King County Metro will reduce weekday service on nearly 60 bus routes this fall because of staff shortages and reliability concerns.

The change, beginning Sept. 17, will be more subtly felt on some routes than others: The No. 24 bus, for example, between downtown Seattle and Magnolia, will lose just one trip per weekday, while the commuter-friendly 218 from Sammamish to downtown will lose nine.

A full list of service changes can be found at For information about specific routes, passengers may call 206-553-3000.

The reductions represent Metro’s effort to improve reliability. While most planned trips are still being delivered, “We’ve seen a significant uptick in cancellations,” said Graydon Newman, senior transportation planner with King County Metro. The schedule changes will, to an extent, reflect what may already be happening on some routes, and the hope is that riders can count on the remaining trips to show up on time.

It’s a playbook being repeated across transportation agencies in the state. The Washington State Ferries has run on “alternative schedules” for well over a year, eliminating sailings in advance rather than at the last minute — an acknowledgment of its lacking staff.

Metro has about 2,500 full- and part-time operators. Spokesperson Jeff Switzer said the current need is estimated to be 62 more full-time operators.


Other bus agencies in the region have taken a similar approach. Community Transit in Snohomish County began reducing weekday service last spring as it struggled to retain and recruit staff. Sound Transit said Thursday that 10 routes would see reduced service because of a staffing shortage.

Difficulty recruiting and retaining staff is affecting 90% of bus agencies across the country, according to a recent report on operator shortages from the pro-transit foundation Transit Center. Among 117 agencies surveyed by the American Public Transportation Association, 71% reported reducing or delaying service in response to lack of staff.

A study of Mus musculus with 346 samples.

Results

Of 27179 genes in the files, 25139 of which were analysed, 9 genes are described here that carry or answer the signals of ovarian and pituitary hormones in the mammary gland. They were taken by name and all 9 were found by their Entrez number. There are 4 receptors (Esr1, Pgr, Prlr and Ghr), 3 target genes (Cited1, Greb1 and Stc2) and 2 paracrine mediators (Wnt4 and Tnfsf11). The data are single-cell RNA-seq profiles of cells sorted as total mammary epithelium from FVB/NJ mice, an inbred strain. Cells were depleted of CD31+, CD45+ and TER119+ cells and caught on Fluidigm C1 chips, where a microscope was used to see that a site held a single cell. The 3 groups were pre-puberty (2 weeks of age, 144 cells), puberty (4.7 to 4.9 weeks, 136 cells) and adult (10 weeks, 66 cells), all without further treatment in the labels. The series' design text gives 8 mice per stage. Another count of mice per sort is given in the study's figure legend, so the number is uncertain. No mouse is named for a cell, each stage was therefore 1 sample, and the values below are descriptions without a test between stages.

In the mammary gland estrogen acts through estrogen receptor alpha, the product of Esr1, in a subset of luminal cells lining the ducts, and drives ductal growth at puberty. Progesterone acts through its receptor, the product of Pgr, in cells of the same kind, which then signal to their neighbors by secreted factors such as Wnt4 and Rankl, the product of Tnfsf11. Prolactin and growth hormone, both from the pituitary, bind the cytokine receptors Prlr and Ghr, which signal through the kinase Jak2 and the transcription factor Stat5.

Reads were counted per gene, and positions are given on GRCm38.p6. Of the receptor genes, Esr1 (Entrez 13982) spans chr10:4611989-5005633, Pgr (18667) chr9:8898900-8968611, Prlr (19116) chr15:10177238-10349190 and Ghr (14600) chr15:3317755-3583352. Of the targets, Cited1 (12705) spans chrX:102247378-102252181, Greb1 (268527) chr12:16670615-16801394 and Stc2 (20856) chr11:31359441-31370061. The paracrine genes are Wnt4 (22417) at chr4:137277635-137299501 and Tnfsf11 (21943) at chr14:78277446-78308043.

Newman said Metro strove to correlate the trip reductions with pandemic-era shifts in ridership. The agency has the largest drop during peak hours and some of the adjustments are intended to reflect those declines.

Newman said the agency also sought to keep equity in mind.

Ridership on Metro has increased steadily over the summer, to about 200,000 average daily riders in July. But volume is still hovering around 50% of 2019’s ridership.

To fill its staff roster, Metro must compete with every other transit agency in the region. Its training classes are filling, said Newman, and they’re looking to add more cohorts next year. Whether recruitment is robust enough to fill additional classes is still an open question.

Newman couldn’t hazard a guess when service might return to normal.

“We have to acknowledge that there is so much uncertainty in the labor market now,” he said. “I’d be hesitant to put any timeline on this one.”